Fairfax County Public Schools (FCPS) has decided to return two controversial books to its high school library after completing a two-month review launched after a parent complained at a September school board meeting.
In a press release, Assistant Superintendent Noel Klimenko said, “I am satisfied that the books were selected according to FCPS regulations and are appropriate to include in libraries that serve high school students. Both books have value beyond their pages for students who may struggle to find relatable stories.”
Stacy Langton called out “Lawn Boy: A Novel” and “Gender Queer: A Memoir” in her comments at the school board meeting.
“After seeing a September 9th school board meeting in Texas on pornography in the schools, I decided to check the titles at my child’s school — Fairfax High School. The books were available and we checked them out. Both books include pedophilia — sex between men and boys. One book describes a fourth grade boy performing oral sex on an adult male. The other book has detailed illustrations of a man having sex with a boy,” Langton’s prepared comments stated.
The district said that after those comments, the books were formally challenged through an existing process, triggering a review of each book by separate committees.
“Two review committees, led by our library services coordinator, were convened. Each committee included two teachers, two parents, one school-based administrator, one member of the ECR [Equity and Cultural Responsiveness] team, and two high school students. Each year, Instructional Services identifies potential committee members for this purpose by working with our schools and regions. The committee members were randomly selected from the list, although all students selected were 18 years of age given the concerns,” the district explained on a page dedicated to the two reviews.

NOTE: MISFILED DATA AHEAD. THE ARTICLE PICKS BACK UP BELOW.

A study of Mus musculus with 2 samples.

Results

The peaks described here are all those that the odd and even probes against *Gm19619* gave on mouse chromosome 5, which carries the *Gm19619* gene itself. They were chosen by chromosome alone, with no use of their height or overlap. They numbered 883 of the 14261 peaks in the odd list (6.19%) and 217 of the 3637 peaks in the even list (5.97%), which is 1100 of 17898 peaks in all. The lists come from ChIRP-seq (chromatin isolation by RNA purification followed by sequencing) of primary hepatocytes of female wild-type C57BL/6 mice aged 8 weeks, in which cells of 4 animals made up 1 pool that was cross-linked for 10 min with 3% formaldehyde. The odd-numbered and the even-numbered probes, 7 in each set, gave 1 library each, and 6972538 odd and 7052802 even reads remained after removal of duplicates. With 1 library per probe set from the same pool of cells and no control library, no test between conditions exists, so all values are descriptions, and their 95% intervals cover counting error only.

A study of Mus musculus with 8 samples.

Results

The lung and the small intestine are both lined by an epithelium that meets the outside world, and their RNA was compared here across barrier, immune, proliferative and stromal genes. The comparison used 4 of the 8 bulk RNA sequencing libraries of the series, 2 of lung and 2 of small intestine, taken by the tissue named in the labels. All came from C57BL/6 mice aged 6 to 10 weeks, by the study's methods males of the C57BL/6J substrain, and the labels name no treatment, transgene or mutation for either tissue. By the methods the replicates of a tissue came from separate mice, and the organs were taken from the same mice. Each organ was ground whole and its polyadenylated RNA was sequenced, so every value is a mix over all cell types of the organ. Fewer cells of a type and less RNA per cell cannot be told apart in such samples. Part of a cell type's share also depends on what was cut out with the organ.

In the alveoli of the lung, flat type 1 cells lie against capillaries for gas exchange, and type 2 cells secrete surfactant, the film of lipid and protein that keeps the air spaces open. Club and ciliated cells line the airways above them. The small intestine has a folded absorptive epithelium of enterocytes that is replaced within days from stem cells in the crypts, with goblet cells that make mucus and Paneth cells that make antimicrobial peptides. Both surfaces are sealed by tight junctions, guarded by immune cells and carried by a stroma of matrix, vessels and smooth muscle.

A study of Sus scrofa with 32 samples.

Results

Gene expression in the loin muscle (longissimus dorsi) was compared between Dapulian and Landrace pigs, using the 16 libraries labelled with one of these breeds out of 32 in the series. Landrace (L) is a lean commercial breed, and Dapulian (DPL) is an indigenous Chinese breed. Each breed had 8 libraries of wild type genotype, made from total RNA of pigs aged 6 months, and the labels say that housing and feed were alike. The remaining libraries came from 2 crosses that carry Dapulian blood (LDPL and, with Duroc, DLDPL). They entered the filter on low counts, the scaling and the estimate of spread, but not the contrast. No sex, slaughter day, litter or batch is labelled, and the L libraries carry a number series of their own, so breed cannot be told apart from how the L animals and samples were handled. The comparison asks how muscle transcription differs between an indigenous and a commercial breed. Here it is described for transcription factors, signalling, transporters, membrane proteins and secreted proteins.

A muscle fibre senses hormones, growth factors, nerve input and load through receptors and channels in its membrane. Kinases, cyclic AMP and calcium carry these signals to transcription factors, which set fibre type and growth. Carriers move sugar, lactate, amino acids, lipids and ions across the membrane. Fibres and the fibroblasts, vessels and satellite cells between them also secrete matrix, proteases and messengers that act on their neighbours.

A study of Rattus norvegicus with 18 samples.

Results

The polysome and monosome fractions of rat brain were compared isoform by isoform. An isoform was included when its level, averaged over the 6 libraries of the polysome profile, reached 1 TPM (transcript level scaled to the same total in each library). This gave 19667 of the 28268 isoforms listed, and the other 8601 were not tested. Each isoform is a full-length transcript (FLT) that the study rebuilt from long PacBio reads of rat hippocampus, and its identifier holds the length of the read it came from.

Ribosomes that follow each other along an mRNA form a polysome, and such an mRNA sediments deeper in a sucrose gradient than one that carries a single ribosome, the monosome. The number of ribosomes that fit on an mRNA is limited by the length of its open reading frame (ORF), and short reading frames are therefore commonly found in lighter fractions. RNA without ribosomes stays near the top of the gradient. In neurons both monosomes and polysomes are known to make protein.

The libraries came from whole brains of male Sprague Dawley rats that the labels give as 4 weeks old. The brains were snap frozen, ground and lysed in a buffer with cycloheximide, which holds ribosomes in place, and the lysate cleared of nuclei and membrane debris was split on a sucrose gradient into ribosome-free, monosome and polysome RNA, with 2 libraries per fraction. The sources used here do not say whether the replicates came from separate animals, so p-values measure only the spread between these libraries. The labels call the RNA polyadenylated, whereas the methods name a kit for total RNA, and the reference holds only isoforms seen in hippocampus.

Each member of the review committees read the whole book that their committee was examining, and the committees held lengthy discussions on the merits and concerns of the book. Both committees unanimously recommended keeping the book they examined in high school libraries.
“The book is a well-written, scientifically based narrative of one person’s journey with gender identity that contains information and perspective that is not widely represented. This depiction includes the difficulties nonbinary and asexual individuals may face. The book has literary value in its structure, voice, and themes and has won literary awards,” the report about “Gender Queer” states.
It continues, “Students with a related experience will feel affirmed and others can gain understanding and empathy. The resources referenced in the book provide access to additional, reliable information. The book neither depicts nor describes pedophilia.”
The “Lawn Boy” report states, “The book is an accessible examination of race, class, socio-economic struggle, and sexual identity. It paints a portrait of the substantial obstacles faced by those who are marginalized by society. It is an uplifting and humanizing depiction of navigating through setbacks with resiliency to reach goals and will resonate with students. The themes of this book are affirming for students who will recognize that they are not alone as they experience similar systemic challenges and societal prejudices. The book has literary value as a narrative representing the perspective of a significant portion of students in Fairfax County Public Schools with a variety of backgrounds. There is no pedophilia present in the book.”
Both reports also cite the Code of Virginia for legal definitions of “obscene” and “harmful to juveniles.”
“So I don’t know what books or dictionary Noel Klimenko is using for the word pedophilia, but I think she is not using the same one that I’m using, because the definition is, ‘Adults having sex with children or adults having a desire to have sex with children.’ And that is precisely what’s depicted in the book, and she says, it’s not pedophilia,” Langton said on America First with Sebastian Gorka on Wednesday.